Four Thrifty Eco-living Ideas
Often times, when the words “green,” “eco-friendly” and “sustainable come up; we think about higher costs in the products we purchase. There are many ways that to maintain a sustainable life while being thrifty. Here are four eco-thrifty ideas to get you started.
Alternatives to Plastic Wrap
The amount of wrap used to protect a sandwich might seem tiny when you scrunch it up into a ball and throw it away, but think about how much plastic you go through in a year. Here are some alternatives to using cling wraps:
- Reusable boxes with lids-perfect for sandwiches, snacks, cheese, cooked meat and salads.
- Glass jars/dishes with lids-great for storing vegetables, sauces, dips, and yogurt.
- Cake tins and biscuit tins-good for storing bread, biscuits, crackers, etc.
- Plate over the top of a bowl-great for covering food that you will use soon.
Buy Second Hand Clothes
Purchasing second hand clothes is not only more economical, but it is truly more ecological as well. New clothes are filled chemicals like-dyes, antibacterial agents, and anti-wrinkle. It is always recommended that you wash new clothes before wearing to remove some of the harmful chemicals before they come in contact with your skin. Used clothes have been worn and washed a few times and have less of these chemicals hanging on them. Think about the additional cotton, water and pesticides that are needed to produce new clothes as well.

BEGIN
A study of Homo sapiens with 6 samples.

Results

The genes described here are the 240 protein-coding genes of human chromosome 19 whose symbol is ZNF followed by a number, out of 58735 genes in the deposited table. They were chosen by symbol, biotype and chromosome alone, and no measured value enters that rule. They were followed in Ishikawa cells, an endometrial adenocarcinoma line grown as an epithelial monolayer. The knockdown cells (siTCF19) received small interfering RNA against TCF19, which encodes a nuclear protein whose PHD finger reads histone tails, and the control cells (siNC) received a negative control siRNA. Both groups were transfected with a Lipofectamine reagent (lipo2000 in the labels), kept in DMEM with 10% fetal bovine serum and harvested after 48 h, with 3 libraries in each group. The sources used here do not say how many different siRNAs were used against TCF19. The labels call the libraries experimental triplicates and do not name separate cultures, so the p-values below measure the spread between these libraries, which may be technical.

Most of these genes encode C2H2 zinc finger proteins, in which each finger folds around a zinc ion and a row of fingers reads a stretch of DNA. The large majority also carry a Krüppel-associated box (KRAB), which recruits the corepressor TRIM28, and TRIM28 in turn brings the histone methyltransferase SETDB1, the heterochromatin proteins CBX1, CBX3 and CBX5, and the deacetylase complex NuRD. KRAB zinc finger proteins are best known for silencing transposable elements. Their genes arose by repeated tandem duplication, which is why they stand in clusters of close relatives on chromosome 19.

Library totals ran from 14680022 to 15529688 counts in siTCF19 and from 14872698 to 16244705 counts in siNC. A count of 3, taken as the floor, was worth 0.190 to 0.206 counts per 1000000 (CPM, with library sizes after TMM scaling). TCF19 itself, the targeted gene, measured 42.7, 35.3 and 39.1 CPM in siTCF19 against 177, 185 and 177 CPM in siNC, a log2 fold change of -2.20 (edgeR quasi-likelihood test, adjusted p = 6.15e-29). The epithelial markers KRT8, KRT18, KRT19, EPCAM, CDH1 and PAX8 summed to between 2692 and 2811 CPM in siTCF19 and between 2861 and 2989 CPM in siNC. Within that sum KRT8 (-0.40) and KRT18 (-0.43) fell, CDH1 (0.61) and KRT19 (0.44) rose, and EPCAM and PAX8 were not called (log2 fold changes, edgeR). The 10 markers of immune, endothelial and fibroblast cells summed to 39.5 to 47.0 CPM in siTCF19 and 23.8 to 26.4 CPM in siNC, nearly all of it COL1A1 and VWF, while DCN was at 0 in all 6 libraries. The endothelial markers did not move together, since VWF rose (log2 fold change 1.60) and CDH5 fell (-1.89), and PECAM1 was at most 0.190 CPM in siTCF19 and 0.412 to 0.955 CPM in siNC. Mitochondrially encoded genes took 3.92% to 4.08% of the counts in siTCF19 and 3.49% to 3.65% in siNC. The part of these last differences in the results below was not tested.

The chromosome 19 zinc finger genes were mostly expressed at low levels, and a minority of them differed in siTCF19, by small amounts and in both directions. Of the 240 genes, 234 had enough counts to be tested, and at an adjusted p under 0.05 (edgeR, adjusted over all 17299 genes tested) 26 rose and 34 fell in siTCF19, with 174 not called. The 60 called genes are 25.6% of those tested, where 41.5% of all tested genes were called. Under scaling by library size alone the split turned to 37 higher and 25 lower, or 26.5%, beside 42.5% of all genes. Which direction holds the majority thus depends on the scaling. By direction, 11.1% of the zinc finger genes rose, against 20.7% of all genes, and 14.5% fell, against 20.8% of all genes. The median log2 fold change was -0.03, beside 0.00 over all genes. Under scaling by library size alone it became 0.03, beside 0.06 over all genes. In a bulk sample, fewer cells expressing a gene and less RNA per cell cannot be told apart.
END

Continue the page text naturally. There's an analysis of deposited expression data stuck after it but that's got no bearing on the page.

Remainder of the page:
Sure wrapping paper and bags are pretty to look at with their fancy designs and glitters, but is it worth it to spend money on something that someone looks at for 5 seconds? More importantly, paper that cannot be recycled due to the decorations that are on it. There are many more interesting, thrifty and environmentally friendly ways to wrap gifts. Kids art work, paper bags, old new papers, and extra fabric can all make great wrapping material.
Toilet Paper Free
If you had to choose, which do you think has more of an environmental impact: a large SUV or toilet paper? As more companies go paperless, there are less recycled material going into the production of toilet paper. Americans use an average of 7 billion rolls of toilet paper a year. A typical tree is only able to produce 1,000 rolls. The author of Eco Thrifty Living, Zoe Morrison, took up the challenge of going toilet paper free for an entire month. A few of her alternative options were washable cloths, spray bottle, or a water gun!